Meet the 2014 Tribeca Filmmakers #35: Ivan Kavanagh On Putting His Own Fears Into 'The Canal'

Irish-born Ivan Kavanagh has been directing films and shorts for the last ten years, beginning with his festival-success “Bandage-Man” in 2003. A lover of horror, he told Indiwire a bit about himself and a lot about what he calls “the unfairly dismissed and neglected genre.” 

Tell us about yourself: I’m from Dublin. I grew up in a household where films were always on. My father is a movie-buff and particularly loved classic Hollywood films and genre films, while my uncle loved foreign cinema, so I was exposed to mixture of films like Cries and Whispers (Bergman) and The Haunting (Wise), at quite an early age, and so I grew up loving both genre films and art house films equally and I think my work reflects this. I started making films in my late teens, using back-to-back VCR’s to edit and I knew from the moment I saw the very first cut I made, that this is what I wanted to do for the rest of my life. With every film I have made I have set challenges for myself. So, with “The Canal,” I wanted to make a highly visceral cinema experience, filled with nightmarish imagery and scenario’s, to fill the film with my own fears, and to make a film where the sound was as important as the picture. I can’t wait to show people at Tribeca this year and I can’t think of a better festival for the premiere. 

Biggest challenge in completing this film? The film contains fictional documentary films from 1902. I wanted these films to look as authentic as possible, so we began the process by doing a series of tests on different camera formats. My touchstone film, look-wise, was Lumiere’s film “Feeding The Baby” made in 1895 and some of the other Lumiere films from that period. We tried shooting digitally and then adding various filters and grades, but there was something about the quality of the backgrounds in the original films that we just couldn’t recreate. We then tried shooting on 16mm, Super 16mm and 8mm using various B&W stocks. Although a couple of these tests came close, none of them were exactly what I was looking for. Then, by pure chance, I got in contact with a private collector in the UK of early movie cameras. He flew to Dublin with an authentic Universal movie camera from 1915, which had apparently been shipped to Europe in 1916 from the United States and was thought to have filmed some action in the trenches during World War 1. It had then been put in storage for decades. We used the lowest speed B&W 35mm stock we could get our hands on and did our test. When we got the footage back from the lab, it blew us away. There it was, almost exactly, the look of the original Lumiere films.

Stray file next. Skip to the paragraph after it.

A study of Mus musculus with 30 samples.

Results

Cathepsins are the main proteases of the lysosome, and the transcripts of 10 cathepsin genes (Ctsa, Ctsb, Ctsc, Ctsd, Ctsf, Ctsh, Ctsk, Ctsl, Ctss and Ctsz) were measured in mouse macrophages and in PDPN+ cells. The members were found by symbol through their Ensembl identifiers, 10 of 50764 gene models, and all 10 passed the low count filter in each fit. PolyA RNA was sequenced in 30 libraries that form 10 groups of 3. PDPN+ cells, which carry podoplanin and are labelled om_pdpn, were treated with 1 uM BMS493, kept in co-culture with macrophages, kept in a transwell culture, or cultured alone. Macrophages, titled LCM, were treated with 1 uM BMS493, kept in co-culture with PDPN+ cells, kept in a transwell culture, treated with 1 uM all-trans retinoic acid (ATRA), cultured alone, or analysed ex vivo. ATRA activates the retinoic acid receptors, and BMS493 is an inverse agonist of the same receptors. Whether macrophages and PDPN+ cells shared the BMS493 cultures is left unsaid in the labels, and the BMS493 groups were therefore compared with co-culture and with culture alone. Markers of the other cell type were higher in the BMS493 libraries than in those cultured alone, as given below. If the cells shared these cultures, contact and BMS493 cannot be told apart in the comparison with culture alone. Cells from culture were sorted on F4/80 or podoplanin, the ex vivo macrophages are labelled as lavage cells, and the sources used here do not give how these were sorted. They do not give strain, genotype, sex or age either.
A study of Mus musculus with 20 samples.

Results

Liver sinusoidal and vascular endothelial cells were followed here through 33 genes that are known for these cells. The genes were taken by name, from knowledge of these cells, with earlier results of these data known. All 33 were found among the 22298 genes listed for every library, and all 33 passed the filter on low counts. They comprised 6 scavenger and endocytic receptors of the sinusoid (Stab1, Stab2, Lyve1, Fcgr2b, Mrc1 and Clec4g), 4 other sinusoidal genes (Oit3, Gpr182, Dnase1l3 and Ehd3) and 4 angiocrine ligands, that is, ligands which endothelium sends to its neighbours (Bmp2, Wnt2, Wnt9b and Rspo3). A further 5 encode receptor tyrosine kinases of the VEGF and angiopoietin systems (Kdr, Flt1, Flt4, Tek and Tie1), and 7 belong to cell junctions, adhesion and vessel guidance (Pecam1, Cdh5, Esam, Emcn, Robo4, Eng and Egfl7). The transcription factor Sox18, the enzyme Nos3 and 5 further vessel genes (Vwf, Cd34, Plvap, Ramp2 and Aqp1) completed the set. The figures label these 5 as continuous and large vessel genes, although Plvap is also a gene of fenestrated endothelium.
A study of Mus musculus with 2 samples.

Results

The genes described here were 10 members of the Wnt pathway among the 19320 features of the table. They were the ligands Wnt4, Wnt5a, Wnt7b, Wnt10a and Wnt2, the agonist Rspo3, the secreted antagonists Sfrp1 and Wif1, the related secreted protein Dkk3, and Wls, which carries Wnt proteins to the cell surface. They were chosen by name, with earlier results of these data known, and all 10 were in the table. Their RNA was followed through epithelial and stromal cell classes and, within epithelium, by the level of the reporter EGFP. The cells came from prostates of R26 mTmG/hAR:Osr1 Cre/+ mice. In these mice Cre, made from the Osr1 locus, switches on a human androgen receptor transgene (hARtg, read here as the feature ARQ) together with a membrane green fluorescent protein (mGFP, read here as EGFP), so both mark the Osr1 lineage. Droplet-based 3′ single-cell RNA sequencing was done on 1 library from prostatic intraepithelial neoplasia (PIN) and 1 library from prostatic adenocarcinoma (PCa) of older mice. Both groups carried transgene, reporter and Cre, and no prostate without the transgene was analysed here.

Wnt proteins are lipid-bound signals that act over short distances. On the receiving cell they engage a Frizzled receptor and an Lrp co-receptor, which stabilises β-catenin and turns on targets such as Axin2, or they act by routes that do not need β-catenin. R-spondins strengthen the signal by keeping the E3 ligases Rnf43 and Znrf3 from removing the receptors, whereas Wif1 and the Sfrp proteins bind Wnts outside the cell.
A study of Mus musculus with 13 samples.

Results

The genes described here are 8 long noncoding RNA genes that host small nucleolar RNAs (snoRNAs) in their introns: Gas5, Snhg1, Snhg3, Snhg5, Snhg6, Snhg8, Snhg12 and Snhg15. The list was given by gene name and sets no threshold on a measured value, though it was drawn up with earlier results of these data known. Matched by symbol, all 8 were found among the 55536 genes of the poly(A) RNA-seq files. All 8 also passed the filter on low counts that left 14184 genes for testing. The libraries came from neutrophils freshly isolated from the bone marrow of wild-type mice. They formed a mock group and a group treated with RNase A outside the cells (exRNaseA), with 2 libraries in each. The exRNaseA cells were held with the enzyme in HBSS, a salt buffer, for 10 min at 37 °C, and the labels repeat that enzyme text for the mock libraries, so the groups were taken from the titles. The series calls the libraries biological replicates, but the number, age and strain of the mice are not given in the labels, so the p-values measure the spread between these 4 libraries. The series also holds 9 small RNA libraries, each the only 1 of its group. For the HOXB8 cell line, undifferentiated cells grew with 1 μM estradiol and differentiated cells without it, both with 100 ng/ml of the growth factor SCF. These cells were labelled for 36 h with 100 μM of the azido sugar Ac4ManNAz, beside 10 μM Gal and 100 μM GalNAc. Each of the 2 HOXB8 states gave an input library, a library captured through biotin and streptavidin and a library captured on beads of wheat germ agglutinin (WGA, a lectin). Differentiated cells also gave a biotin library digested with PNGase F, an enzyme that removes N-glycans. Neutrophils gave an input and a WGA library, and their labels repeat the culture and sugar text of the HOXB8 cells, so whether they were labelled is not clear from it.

Of course, because it was so old, even the owner of the camera and especially the film lab could not give us any guarantees that any of the footage would actually come out when we filmed it during the shoot (it was 50/50 they said), so there was understandable nervousness about us taking the risk, as there was no chance of re-shoots on this film. Added to this, the camera has no real reliable viewfinder, so all distances have to be measured and then the lens has to adjusted accordingly (so we could never be sure of exactly what we were getting!). 

But for me and my DOP Piers McGrail these were risks well worth taking and I think the footage used in the film speaks for itself.

Did you crowdfund? No. We were always so close with the funding and very nearly ready to go into production a couple of times, so we just held out for some of the usual funding channels. 

Did you go to film school? No, I’m self taught. I did consider it, but decided to use the money to shoot my first film instead. 

Any films inspire you? Probably too many to mention, but the films I find myself returning to again and again, over the years, for inspiration, are “The Shining” (Kubrick), “Rosemary’s Baby” (Polanski), “Fire Walk With Me” (Lynch), “After Hours” (Scorsese), “Winter Light” (Bergman), “The Ascent” (Shepitko) and “Don’t Look Now” (Roeg). 

I love all types of films and genres, but some of most vivid memories of watching films as a child are of horror films. I’ve always felt that the genre has often been unfairly dismissed and neglected. For me, horror films, at their very best, have always (from the silent era to the present) allowed filmmakers the possibility of pushing the boundaries of cinema (both in sound and in picture) and to experiment. I find the genre incredibly liberating as a filmmaker, as literally anything is possible. 

What’s in the works? I hope to shoot a western called “Never Grow Old” (working title), with Dublin-based Ripple World Pictures, later this year, which is very exciting. I’m also eager to work again with AnneMarie Naughton at Park Films, who produced “The Canal,” and I hope to do another psychological horror film with her soon. It’s at very early stages, but we’re incredibly excited about it, so I’m looking forward to the next stage of that. The horror films I like best are the ones that are deliberately paced, that have a gradually increasing buildup of suspense, dread and tension and so the scares are earned and emotionally motived. This is something I tried to do with “The Canal” and will hopefully do again with this new project.

Indiewire invited Tribeca Film Festival directors to tell us about
their films, including what inspired them, the challenges they faced and
what they’re doing next. We’ll be publishing their responses leading up
to the 2014 festival. Go HERE to read all the entries.